There’s still a Tea Party Caucus in Congress, but I can’t recall the last time I heard about a TP rally, or anyone claiming to issue statements in the TP’s behalf, and nobody (yet) is talking about the role of the “Tea Party vote” in this election year.
That’s a good question. My guess: Trump has totally fractured them. The crazier elements of the TEA party are now Trump supporters, and Trump is causing a pretty big rift on the right, and especially in that part of the right.
The Tea Party sort of came together after the collapse of the last populist movement on the right - Pat Buchanan’s bunch. For a while they folded back into the Republican party and formed part of the Tea Party, but now that they’ve got another lunatic populist to root for, they’re gone again. These would be the same people who were Ross Perot fans, and that includes a certain number of blue-collar Democrats as well.
Well, Ted Cruz considers himself a member of the Tea Party caucus. So, I’d say they are doing pretty well ;).
And Trump has never claimed any association at all with the TP, AFAIK. So Cruz should be able to rely on the TP vote. Nevertheless . . .
Cruz to tea party supporters: Don’t get ‘burned’ by fake conservatives
Don’t know why they don’t get mentioned by name as much recently. Probably as Sam Stone suggests they’ve been fractured by Trump to a degree. Rubio was quite the Tea Party darling until he went rogue on immigration, but he’s still in the pack poll-wise so there’s more fracture there.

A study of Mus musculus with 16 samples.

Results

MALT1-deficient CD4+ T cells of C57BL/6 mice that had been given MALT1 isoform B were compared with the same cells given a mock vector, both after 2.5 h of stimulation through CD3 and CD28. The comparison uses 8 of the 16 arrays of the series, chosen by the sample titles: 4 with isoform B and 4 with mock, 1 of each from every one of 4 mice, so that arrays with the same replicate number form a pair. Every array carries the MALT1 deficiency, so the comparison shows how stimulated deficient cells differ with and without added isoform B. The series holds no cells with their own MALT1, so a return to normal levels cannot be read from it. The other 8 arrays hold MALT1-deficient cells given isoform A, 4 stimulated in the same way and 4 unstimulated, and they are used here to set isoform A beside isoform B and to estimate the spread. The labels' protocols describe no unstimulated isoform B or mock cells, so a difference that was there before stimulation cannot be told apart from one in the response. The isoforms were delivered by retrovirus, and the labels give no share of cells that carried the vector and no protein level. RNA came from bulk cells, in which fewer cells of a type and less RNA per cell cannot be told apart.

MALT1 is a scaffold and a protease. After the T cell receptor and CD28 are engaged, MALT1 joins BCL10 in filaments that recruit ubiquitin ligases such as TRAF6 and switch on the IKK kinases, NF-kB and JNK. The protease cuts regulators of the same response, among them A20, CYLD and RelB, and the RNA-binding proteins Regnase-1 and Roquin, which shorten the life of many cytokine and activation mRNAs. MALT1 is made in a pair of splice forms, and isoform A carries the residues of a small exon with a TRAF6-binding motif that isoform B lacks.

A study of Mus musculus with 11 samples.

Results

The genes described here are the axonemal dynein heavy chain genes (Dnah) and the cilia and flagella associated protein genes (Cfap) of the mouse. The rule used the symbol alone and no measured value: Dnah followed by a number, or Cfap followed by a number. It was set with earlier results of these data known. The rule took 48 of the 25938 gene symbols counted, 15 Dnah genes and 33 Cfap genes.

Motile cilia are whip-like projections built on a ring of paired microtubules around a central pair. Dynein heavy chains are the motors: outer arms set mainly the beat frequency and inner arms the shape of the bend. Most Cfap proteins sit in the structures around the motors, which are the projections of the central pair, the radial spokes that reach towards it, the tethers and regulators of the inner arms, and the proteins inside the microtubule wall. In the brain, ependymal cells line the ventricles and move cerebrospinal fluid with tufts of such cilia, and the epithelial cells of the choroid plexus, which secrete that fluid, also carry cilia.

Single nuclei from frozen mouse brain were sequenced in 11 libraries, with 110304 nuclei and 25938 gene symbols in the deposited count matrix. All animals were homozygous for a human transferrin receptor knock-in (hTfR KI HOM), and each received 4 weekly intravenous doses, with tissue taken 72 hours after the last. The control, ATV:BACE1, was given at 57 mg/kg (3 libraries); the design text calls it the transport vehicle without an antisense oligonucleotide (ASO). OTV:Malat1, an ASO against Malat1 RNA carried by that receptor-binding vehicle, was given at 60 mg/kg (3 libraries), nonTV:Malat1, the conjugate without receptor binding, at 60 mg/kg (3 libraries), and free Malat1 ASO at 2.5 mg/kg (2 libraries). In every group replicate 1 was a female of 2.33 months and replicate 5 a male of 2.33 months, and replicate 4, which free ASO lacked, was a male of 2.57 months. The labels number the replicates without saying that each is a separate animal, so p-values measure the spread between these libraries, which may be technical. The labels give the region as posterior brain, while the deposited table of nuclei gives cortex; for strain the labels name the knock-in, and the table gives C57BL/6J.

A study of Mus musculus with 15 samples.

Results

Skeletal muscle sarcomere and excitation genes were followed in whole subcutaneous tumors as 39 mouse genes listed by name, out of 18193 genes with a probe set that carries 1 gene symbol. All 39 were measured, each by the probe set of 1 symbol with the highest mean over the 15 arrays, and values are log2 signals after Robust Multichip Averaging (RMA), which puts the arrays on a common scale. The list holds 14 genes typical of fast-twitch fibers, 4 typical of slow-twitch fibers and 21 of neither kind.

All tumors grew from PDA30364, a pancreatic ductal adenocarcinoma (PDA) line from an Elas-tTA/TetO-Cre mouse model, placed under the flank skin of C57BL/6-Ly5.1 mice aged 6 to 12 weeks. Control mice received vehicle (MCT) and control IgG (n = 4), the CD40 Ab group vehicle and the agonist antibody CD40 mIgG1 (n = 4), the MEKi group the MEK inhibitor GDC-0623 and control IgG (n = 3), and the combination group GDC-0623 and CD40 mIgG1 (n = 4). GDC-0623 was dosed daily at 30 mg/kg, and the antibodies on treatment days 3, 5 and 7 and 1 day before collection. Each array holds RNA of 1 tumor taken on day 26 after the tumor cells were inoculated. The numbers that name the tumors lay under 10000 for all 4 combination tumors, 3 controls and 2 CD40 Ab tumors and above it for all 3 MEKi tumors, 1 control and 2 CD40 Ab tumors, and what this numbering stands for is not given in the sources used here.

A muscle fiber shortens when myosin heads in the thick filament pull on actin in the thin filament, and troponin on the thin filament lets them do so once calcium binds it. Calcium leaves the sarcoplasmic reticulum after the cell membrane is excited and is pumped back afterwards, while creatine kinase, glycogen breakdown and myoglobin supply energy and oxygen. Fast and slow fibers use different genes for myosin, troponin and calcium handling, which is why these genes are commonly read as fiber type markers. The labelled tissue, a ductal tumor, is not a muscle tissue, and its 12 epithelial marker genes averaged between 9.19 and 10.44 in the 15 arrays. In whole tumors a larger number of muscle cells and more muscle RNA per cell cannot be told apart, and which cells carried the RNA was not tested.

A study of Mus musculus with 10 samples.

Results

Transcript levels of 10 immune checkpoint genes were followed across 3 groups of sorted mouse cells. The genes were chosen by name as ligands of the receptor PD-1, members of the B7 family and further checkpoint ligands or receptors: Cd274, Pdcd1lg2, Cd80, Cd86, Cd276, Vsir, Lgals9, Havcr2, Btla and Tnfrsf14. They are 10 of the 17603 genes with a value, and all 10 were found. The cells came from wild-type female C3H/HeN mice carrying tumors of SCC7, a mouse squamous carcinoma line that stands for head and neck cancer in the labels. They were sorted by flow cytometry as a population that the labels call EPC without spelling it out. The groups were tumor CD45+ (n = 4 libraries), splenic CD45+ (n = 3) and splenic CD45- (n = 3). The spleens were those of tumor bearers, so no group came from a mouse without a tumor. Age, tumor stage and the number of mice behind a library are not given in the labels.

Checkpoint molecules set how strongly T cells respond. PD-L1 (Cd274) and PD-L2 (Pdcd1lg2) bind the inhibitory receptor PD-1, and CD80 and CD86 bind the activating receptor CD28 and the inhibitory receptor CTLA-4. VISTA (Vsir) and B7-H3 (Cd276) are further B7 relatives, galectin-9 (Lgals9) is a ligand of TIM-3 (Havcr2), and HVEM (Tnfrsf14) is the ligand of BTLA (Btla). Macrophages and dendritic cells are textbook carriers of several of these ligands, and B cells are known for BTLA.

Sounds like Middle American Radicals, or MARS.
Yeah, that sounds about right. Protectionist, anti-immigration, isolationist (other than demanding that the U.S. military ‘kick some ass’ when they feel someone’s ass needs to be kicked), convinced that there are grand conspiracies by the ‘establishment’ to marginalize them, wary of big government and big business except when they are used to their benefit. They’re the kind of people who want a ‘strong leader’ who will ‘kick ass in Washington’ because somehow everything going wrong in their lives is the fault of someone else. They only believe in the Constitution when it protects something they care about.
They aren’t supporters of small government. They’ll take their crop subsidies, they’ll argue for price controls when it benefits them, they’ll argue for import tariffs on competitors’ goods, and they’ll demand increases in Medicare and decreases in Social Security taxes, while complaining about the deficit. Some of them are Democrats and some Republicans.
The polarization in Washington and the purging of moderates from both parties has caused the disaffected middle to grow, and that’s throwing off all the predictions about this year’s election.
But what’s really most disturbing about them is:
And, the poor/blacks/immigrants – the “takers,” or, as I’ve actually seen them called on the Intertubes, the “looters” – are no actual threat to the white working-class people, and cost them little tax money. It’s the even-uglier side of producerism.